Masterpoints


Home

Why Masterpoints Deserve Care

Principles of Masterpoint Administration

Teams Versus Pairs
Changing the massive discrepancy between team and pair events


Building a Better Formula
Criteria for a good formula, problems with the current formulas, and a better formula.


What You Can Do

Other Information

Messageboard, email













Distorting Participation

Ideally, masterpoint awards would be proportional to merit. Then players who want masterpoints would play at the clubs they enjoy most and enter the tournament events that they enjoy most. Or maybe a player is better at one event than another, say IMPs over matchpoints. That player could enter the events he or she is good at.

But to the extent that players are interested in masterpoints, and to the extent that they can perceive inequities, players will tend to participate at club and tournament events that award the most masterpoints. These of course will not necessarily be the clubs and events that they enjoy most. Apparently players are not very sensitive to small inequities. But the current inequities are huge.

The "Popularity" of Team Events

One regional happened to offer a Swiss Teams and an Open Pairs on the same day. 92 players played in the Open Pairs; 212 played in the Swiss Teams. From this data alone, we cannot say if the players preferred the Swiss because it was more enjoyable or because it offered more masterpoints per person. However, if Swiss teams are so popular with players, why aren't they offered more often in club games? In club games, Swiss Teams do not award more masterpoints per person.

There is also an issue of variety and progress. For team events, the board-a-match has been joined by Swiss teams and knockouts. In pair games, the trend is to a decreased variety being offered over the last 40 years. In the online pairs tournaments I see, IMP scoring is more popular than matchpoints. Why isn't IMP pairs offered in sectionals and regionals? We can't know for sure, but one plausible culprit is that there is not that much interest in developing new pairs events. The only new event I see is the Senior Pairs.

The Deceased Individual (Event)

Or what about the individual? The standard belief, as far as I know, is that the individual died because it was unpopular. But it offered only half as many masterpoints per person as a pairs event, which means only 1/4 the masterpoints of a team game. I think the lack of masterpoints killed the individual. As evidence, I will point to its existence outside ACBL-land.

Frankly, I would like to play in an individual. I don't need to play in one every day. But I haven't played in one in 35 years. I also think that a lot could be done to develop them. For example, techniques have been developed for ad hoc partnerships to play on line together, and those techniques are adaptable to invitationals. If masterpoint reform ever occurred, and individuals awarded as many masterpoints per person as team games, I would probably try to stir up interest in an individual. But with the masterpoint differential the way it is now, that would be a waste of my time.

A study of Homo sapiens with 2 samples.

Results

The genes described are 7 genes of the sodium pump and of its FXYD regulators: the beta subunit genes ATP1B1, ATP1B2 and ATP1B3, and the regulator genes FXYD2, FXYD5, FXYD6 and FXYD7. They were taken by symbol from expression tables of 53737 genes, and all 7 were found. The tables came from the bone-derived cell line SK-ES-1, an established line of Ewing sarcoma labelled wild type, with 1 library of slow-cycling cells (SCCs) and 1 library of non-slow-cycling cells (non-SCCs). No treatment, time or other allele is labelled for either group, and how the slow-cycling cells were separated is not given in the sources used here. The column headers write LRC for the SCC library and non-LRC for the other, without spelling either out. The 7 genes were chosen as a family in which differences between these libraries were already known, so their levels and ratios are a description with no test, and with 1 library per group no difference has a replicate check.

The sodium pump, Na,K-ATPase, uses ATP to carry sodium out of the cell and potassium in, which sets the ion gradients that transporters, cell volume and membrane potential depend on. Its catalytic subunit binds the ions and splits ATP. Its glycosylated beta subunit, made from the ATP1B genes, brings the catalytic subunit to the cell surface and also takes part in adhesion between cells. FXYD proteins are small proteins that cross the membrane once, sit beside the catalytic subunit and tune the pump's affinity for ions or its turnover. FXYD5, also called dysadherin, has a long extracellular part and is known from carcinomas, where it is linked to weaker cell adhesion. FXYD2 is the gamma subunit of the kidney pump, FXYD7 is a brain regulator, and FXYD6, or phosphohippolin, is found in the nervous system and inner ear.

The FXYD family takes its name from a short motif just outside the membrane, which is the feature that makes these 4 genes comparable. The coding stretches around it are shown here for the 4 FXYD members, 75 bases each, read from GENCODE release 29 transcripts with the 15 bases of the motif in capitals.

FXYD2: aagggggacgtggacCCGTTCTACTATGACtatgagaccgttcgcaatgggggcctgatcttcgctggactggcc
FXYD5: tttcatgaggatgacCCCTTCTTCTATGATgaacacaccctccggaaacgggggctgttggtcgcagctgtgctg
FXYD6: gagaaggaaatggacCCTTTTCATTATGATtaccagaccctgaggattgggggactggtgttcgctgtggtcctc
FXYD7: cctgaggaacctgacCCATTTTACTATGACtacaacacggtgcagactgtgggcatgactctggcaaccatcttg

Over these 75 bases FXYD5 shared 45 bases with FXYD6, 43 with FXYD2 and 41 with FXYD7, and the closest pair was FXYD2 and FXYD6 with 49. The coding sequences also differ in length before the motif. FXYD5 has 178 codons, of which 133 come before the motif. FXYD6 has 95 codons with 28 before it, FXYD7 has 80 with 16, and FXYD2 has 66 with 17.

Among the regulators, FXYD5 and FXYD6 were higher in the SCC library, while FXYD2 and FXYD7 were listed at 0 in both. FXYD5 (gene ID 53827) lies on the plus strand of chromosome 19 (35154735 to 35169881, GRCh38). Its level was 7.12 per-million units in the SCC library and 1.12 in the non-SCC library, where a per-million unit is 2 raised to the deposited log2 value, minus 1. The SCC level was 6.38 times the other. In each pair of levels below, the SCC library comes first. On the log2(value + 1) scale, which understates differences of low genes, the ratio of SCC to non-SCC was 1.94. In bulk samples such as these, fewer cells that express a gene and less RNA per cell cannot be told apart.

Size of Field

As noted, the tournament formula apparently rewards a small field, at least for overall awards. This is probably the reason for the "popularity" of knock-out events. The field is divided into smaller parts, making it easier to win gold points.

The club formula, on the other hand, rewards fields for being close to 15 tables. When attendence is larger than that, the field can be split into two sections. But when it is smaller, fewer masterpoint per person are awarded.

So the question is, do ACBL members prefer larger clubs to smaller clubs because the larger clubs offer more masterpoints per person? At this moment, I am actively pursuing masterpoints on a limited budget, so as a matter of strategy I do not attend the small night games at the local club. I suspect that other players do the same, though I could not say how to document it. Does the ACBL really want to punish small clubs? I would think that small clubs could turn into big clubs and the last thing the ACBL would want to do is discourage people from attending small clubs.

Dissatisfaction

Some players become consciously aware that the events or locations they would prefer to play in do not offer as many masterpoints as other events or locations. They can choose to play in the locations and events that give more masterpoints. These players will be dissatisfied with the ACBL policy. Others will play in the locations and events that they like but earn fewer masterpoints when they do well. They too will be dissatisfied with the ACBL.

So, bottom line, perceived inequities in masterpoints generate dissatisfaction. (For example, see the letters to the Editor of the ACBL Bulletin.)